Europe | Hungary | Budapest – The world’s largest jacuzzi
Until today I had yet to find something that really excited me about this city (That’s only giving it a day and a half though). Budapest is like Vilnius but the size of Berlin. It hasn’t quite got the magic of Prague. Then again it’s a bit more of a challenge to find your way around a new city completely unaided (I know people in all the above mentioned cities – but not Budapest). And all the more rewarding when you make discoveries for yourself. Today was one of those days….
While Sexton rested amongst the 10,000 trees of Margit Island (wonderful in itself – woods, gardens, ruins, and sprinklers that make rainbows on soft green grassy areas) I headed to the open air baths. The queue was full of festival goers with dreadlocks and dirty feet (some music thing was on at the weekend – we never bothered figuring out what or where it was – I think it was a rave thing) and it took ages to buy a ticket. Once inside the locker system was strange – one key for hundreds of lockers and an old woman with tiny tin ‘tickets’ – she would write your ticket number on a chalkboard inside the locker.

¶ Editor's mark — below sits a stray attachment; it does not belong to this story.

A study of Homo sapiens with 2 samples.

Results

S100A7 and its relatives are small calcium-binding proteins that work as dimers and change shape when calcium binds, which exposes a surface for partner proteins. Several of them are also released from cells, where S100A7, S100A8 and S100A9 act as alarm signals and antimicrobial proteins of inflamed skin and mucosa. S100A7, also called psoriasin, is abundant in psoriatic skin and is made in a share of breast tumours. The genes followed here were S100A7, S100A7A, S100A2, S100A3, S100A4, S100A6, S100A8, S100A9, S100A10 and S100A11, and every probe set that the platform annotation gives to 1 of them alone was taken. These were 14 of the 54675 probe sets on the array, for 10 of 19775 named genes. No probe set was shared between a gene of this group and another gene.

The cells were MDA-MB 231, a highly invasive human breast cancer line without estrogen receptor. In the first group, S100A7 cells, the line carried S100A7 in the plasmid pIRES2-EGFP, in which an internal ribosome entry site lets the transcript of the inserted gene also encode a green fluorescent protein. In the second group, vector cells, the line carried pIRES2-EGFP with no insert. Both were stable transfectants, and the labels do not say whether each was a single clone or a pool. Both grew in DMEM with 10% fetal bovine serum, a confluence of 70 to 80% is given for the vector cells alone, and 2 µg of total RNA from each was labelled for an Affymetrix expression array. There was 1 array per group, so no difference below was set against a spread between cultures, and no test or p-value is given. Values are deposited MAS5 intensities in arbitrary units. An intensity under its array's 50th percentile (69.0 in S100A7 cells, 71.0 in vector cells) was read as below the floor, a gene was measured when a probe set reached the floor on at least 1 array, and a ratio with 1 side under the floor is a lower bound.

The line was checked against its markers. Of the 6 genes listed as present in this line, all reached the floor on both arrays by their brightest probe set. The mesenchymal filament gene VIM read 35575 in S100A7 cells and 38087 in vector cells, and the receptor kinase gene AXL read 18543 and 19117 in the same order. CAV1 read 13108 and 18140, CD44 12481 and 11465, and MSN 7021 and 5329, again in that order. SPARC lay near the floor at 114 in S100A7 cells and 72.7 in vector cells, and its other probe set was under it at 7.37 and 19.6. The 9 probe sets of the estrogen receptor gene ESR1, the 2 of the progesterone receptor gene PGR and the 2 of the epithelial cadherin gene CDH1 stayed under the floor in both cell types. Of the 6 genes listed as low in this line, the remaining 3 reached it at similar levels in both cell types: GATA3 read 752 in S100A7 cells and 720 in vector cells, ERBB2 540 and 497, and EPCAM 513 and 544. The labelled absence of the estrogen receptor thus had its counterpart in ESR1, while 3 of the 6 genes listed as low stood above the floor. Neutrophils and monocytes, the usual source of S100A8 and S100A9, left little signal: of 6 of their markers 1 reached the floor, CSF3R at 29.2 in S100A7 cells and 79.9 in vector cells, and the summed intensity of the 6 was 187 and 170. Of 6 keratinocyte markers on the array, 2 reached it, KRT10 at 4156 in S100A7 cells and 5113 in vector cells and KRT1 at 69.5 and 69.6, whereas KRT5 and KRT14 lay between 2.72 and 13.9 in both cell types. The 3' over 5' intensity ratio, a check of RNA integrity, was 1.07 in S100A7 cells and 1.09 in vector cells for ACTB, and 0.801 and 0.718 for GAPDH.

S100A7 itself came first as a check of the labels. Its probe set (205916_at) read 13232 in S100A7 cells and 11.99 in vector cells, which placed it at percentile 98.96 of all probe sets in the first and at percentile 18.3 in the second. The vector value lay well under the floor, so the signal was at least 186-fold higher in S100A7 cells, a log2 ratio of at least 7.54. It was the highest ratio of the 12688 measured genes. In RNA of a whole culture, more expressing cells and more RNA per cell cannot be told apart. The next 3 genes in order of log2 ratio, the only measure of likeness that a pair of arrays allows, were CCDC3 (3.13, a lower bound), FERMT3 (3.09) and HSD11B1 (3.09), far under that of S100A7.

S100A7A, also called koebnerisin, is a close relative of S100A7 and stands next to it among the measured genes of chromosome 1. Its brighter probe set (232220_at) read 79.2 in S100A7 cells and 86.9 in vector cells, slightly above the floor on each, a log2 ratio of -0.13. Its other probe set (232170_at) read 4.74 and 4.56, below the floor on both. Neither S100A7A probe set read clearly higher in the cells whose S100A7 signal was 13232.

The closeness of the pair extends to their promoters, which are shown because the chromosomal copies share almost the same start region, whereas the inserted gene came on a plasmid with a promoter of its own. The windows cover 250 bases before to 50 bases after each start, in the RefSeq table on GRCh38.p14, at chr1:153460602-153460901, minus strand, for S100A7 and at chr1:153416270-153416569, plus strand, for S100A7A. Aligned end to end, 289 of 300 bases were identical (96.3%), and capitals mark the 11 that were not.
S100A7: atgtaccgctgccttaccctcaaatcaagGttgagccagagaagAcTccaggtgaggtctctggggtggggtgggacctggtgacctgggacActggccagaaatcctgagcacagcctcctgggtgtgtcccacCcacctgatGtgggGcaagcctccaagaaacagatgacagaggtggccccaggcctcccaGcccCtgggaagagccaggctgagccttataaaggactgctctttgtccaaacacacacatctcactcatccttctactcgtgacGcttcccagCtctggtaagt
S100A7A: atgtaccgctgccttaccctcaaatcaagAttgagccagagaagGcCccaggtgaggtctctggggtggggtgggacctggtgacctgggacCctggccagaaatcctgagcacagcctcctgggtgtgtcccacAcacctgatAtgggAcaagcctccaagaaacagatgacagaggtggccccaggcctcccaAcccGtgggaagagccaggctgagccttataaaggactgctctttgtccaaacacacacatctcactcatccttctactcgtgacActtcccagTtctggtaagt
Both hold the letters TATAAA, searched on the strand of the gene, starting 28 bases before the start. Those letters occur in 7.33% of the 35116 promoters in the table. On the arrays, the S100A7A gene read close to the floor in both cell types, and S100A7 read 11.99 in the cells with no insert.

At first the bathing area looked like a very crowded public swimming pool, albeit in a beautiful setting of tall trees and hills in the distance. I got in one pool, swam around, saw a giant slide like I could only have dreamed of as a child, and wished I’d had some kids with me so I’d have an excuse to go down it now.
People were also swimming in a fountain. I got in and found myself in the world’s largest Jacuzzi. (that was before I’d been in the next 4 pools, each an even bigger hot tub). Warm water poured from several cement fountains around the sides of the round pool, and from a huge fount in the middle. Jets of water also sprayed all around the circular pool. It was amazing. Each pool got warmer and better. They were all made of in blue and white Victorian looking tiles. Some are fed by thermal springs.
I have no idea how old the baths are but they certainly aren’t new. There goes the myth that no one had fun in Soviet times. I’ve never seen so many nearly naked people of all ages and almost as many colours having so much fun together.
At one point I saw several dozen people moving very quickly, very close together, around an oval shape in one of the pools. It was as if they were all running in chest high water – but no one can run that fast in water. In fact it was the current pushing them along. Everyone was laughing as they bashed into each other and into the sides of the pool. A lifeguard stood at sharp attendance in case anyone got pulled under (no one did.) I had to join in. And I’m usually one who hates being in crowds, especially being up so close to fellow humans. Unlike in England where swimming is a kicking battle for space in a lane, sharing a giant hot tub in Hungary with hundreds of strangers was a thoroughly enjoyable experience.